Senator Jay Rockefeller, chairman of the Senate Finance Subcommittee on Health Care, today lauded the savings that West Virginians are receiving from their health insurance companies. The savings stem from a provision that Rockefeller worked to include in the Affordable Care Act, which is considered one of the most important consumer protections in the health care law.
Rockefeller's minimum medical loss ratio (MLR), also known as the "80/20" rule, has so far required insurance companies to return more than $1.5 billion to consumers - and billions more in estimated savings have been passed to consumers from a more efficient healthcare industry. The law encourages health insurance companies to spend a larger portion of their customers' premium dollars on care by requiring companies to pay rebates if they spend less than 80% of premium dollars on health care services.
"Making sure those who are less fortunate get the help they need is the cornerstone of the health care law, and MLR is the centerpiece of that effort, in many ways, by curbing the worst possible insurance company abuses," Rockefeller said. "It's important to make sure insurance companies are spending subscriber dollars on care, not on fancy buildings for executives, and already West Virginians are benefitting from these common-sense provisions."
Building on his efforts to increase consumer protections in health care, Rockefeller also introduced legislation that would create a MLR which encourages insurance companies to spend more Medicaid dollars on actual medical care instead of marketing, executive compensation and other non-medical expenses. Currently, some states like California are moving their entire Medicaid population into Managed Care where consumers do not have the same protections offered in Medicare
Advantage and the new Health Care Marketplace.
Rockefeller believes consumers that rely on Medicaid - whether they are in Medicaid or Managed Care - deserve the same safeguards they would have under Medicaid. Rockefeller's Medicaid MLR bill would make sure insurers have to provide real patient care or return money to taxpayers. The Senator plans to introduce the legislation as an amendment during the Senate's consideration of the SGR Repeal and Medicare Beneficiary Access Improvement Act of 2013, which was passed by the Finance Committee last week.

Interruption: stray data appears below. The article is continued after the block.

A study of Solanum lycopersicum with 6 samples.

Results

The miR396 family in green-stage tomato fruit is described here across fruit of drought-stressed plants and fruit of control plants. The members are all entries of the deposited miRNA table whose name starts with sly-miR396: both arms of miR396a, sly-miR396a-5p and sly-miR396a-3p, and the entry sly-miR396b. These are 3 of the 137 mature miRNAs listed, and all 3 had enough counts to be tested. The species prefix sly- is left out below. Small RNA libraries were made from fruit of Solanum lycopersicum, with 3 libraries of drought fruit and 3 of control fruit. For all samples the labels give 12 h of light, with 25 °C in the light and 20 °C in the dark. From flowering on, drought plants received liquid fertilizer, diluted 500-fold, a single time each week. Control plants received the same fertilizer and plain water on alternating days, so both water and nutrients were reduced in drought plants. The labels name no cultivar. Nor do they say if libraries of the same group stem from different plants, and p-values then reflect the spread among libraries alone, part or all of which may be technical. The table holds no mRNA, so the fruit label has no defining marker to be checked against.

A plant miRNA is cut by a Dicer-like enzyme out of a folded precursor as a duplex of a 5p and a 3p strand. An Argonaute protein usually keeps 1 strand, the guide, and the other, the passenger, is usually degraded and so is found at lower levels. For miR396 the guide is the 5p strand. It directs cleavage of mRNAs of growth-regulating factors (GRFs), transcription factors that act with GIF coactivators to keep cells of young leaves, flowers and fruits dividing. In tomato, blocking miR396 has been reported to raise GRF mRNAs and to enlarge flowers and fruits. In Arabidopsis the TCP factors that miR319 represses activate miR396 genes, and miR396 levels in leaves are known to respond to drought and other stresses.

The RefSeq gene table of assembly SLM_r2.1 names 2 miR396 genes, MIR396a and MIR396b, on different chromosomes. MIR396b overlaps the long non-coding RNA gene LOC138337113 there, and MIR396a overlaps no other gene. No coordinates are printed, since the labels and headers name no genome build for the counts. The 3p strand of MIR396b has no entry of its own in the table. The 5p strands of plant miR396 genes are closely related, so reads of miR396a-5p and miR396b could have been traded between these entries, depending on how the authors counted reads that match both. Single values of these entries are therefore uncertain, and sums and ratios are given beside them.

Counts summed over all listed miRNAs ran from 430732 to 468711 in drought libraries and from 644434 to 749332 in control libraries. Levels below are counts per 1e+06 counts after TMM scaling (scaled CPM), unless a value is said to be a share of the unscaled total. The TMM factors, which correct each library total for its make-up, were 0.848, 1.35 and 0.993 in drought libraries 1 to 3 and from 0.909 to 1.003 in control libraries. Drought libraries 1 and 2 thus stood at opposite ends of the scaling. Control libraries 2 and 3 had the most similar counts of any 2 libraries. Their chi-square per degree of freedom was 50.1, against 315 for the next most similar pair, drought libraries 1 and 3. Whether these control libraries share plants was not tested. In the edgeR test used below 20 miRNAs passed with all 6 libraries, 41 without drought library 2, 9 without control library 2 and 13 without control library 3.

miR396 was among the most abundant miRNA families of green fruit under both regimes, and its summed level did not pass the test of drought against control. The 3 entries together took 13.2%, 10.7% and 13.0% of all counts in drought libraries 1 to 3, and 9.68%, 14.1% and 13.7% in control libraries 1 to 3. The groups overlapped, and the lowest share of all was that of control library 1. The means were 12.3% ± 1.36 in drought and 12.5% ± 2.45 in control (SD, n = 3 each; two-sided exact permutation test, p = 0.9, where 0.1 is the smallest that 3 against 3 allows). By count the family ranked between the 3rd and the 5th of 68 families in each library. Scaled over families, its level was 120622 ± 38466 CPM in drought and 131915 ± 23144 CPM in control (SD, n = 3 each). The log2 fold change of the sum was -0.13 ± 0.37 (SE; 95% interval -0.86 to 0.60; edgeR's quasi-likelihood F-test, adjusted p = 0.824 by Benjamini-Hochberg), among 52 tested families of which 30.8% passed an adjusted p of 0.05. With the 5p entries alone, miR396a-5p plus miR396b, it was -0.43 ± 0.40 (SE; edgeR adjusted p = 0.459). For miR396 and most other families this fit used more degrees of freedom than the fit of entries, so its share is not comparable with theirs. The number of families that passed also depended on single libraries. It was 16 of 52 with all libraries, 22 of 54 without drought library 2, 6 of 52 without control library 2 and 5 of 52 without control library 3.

In fall 2012, many West Virginians who were overcharged for their health insurance began receiving rebates totaling about $2.7 million statewide. This year alone, more than 16,000 West Virginians with private insurance coverage should receive rebates, averaging $374 per family. Those rebates can be in the form of reduced premiums, or even a check.
In addition to these rebates, the 80/20 rule has delivered savings to millions more American consumers through lower premiums. A preliminary review by the Kaiser Family Foundation estimates that health insurance companies will owe their individual and business customers at least $1.3 billion in rebates for the calendar year 2011. As the Kaiser report notes, the 80/20 rule "provided an incentive for insurers to seek lower premium increases than they would have otherwise, and in some cases premiums have decreased." In West Virginia, for example, Highmark Blue Cross Blue Shield cut the December 2011 premiums it charged its 4,200 West Virginia small business customers by 75%, which cover 39,000 West Virginians.
That saved those small businesses an average of $2,500 in health insurance premiums for the year.